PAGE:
Nowadays, it seems every child’s head is bent over a smartphone or their eyes are glued to a computer screen, but do you even know what they are looking at?


According to new research conducted by the National Anti-Bullying Research and Resource Centre at Dublin City University (DCU), not only are half of parents unable to block inappropriate content, it also discovered that most are unfamiliar with networks like Snapchat, Instagram or Twitter.


Dr O'Higgins said: "In real life, outside the internet, parents wouldn't bring their kids to a park and leave them in a playground to play and go to the pub to socialise in a different space.”


"Certainly, unless they made sure the kids were safe and supervised and had the tools to protect themselves."



The research found that over half of children aged between six and eight have access to the internet, and while the majority are honest about their online activity, a well established “digital deceit” pattern in older kids can leave them vulnerable to cyberbullying.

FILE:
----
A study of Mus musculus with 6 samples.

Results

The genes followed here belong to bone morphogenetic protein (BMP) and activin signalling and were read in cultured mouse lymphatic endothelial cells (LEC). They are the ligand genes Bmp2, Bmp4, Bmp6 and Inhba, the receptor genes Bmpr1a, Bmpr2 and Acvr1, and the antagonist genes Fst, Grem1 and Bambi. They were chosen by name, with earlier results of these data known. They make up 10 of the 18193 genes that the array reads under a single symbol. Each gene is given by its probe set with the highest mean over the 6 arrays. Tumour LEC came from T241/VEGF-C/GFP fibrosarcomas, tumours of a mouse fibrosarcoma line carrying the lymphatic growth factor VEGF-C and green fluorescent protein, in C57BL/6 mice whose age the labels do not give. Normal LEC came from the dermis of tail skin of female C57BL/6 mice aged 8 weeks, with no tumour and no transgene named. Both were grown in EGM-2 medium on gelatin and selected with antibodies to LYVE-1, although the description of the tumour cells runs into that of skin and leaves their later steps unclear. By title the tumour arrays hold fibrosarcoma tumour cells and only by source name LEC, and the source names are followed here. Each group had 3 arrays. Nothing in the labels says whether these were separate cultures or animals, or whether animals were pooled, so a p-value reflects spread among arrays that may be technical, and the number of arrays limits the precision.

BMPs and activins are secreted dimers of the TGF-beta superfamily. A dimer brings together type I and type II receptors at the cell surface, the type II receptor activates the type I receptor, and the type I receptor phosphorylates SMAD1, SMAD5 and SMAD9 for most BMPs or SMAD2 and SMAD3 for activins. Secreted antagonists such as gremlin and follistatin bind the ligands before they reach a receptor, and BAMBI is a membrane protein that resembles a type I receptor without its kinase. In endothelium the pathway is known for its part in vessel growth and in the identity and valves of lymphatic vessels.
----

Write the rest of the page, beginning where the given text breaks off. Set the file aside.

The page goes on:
Talking about the research, anti-bullying centre director James O’Higgins said: “Our research underscores the growing challenges and pressing need to create protections around children from cyber-bullying.”


“While many of the parents surveyed said they had talked to their children about the areas of concern — exposure to inappropriate or toxic content, cyberbullying, safety, and security — the vast majority still had very real concerns about their children’s levels of vulnerability online,” he said.